I found a little treasure.
The day that I went to the Seoul Folk Flea Market was filled with excitement. I had already considered my outing a success, just based on the market. However, the day took a surprising turn that made me even happier than the flea market finds!
We had taken a bathroom break near the clothing side of the flea market. There is a large doorway that leads into a back alley. As I waited for my friend and her children, I noticed a small building that said “traditional crafts.” That was enough to intrigue me, so I wandered over. The building was tiny, some pre-fabricated contraption that was about as wide as a shipping container. Through the windows I could see a few tables and Korean masks and paper lanterns lining shelves. I read the sign on the front door and couldn’t believe it. “Come in anytime for free Experience traditional culture.” Hmmm. Though grammatically incorrect, this had potential. Free? Crafts? It sounded too good to be true. I scour the internet looking for things to do in Korea, and here was what promised to be a fabulous time just sitting in an alley at the flea market.
We went inside to see if there was any more information available, and before I knew it we were filling out a slip of paper with basic information such as how many were in our group and how many times we have been there. My friend’s sons choose to make masks, while my craft companion and I made paper lanterns.
It all happened very quickly. We were given plain white lanterns, plopped down by some glue and tissue paper and left to our own creativity. I was crazy excited. I love crafts; I love traditional experiences; I love free. It was all the more exciting because we had no idea what we were walking into. Shopping for antiques and then five minutes later I have a lantern yearning to be designed.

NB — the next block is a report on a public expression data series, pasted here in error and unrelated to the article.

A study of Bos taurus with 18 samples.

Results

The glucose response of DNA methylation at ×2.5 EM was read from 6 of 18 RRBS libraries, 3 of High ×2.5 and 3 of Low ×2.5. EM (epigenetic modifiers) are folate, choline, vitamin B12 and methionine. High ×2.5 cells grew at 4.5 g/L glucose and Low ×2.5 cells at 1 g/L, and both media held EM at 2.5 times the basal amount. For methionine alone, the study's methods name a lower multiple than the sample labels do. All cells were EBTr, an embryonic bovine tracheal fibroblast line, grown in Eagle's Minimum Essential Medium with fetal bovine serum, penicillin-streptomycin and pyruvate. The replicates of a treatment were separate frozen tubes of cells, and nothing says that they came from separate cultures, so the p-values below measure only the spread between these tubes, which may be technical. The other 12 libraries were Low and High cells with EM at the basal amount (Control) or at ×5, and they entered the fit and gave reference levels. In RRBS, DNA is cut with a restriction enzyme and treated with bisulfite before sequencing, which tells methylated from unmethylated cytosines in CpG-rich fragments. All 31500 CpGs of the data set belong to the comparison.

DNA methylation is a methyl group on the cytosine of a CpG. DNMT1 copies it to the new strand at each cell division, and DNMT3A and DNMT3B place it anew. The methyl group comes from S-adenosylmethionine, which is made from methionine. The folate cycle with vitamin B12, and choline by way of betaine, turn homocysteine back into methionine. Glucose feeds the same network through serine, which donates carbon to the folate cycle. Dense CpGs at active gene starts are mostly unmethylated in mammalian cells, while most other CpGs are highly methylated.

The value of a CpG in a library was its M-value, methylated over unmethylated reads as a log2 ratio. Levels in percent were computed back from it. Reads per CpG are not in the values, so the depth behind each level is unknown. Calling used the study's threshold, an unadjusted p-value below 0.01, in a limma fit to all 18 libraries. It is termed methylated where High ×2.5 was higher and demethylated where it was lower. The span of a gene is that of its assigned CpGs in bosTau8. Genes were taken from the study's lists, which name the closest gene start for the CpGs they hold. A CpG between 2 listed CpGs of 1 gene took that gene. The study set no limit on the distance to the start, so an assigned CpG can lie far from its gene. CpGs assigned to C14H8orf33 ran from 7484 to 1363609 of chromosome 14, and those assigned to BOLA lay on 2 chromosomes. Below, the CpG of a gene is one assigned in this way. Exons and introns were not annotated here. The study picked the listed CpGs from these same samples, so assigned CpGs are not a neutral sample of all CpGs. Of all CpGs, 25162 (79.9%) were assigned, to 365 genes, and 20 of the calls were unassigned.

The masks are white and the crafter is given a tray of colored craft … stuff. I don’t know what to call it. It’s made of tiny styrofoam-like beads and held together by sticky goo. You can form it into any number of objects or flatten it out to design a mask.
The lanterns came with a box of tissue paper and cans of thin, clear glue. The glue reminded me of modge podge. I would coat the lantern in glue, place a bit of tissue paper, and then spread more glue on top. The lantern and I were a sticky mess by the time it was over. I found the smaller bits of paper were easier to mold around curves. They had several samples available for inspiration. There was a pretty navy lantern with a lotus bloom that caught my eye. I started with a much more colorful flower and then realized it would be better to do the background first and add the flower on top. Too late.
As you can see, ‘ol crazy eyes here really enjoyed her traditional crafting experience. I’m already trying decide on my next creation- a Christmas ornament or a paper tray?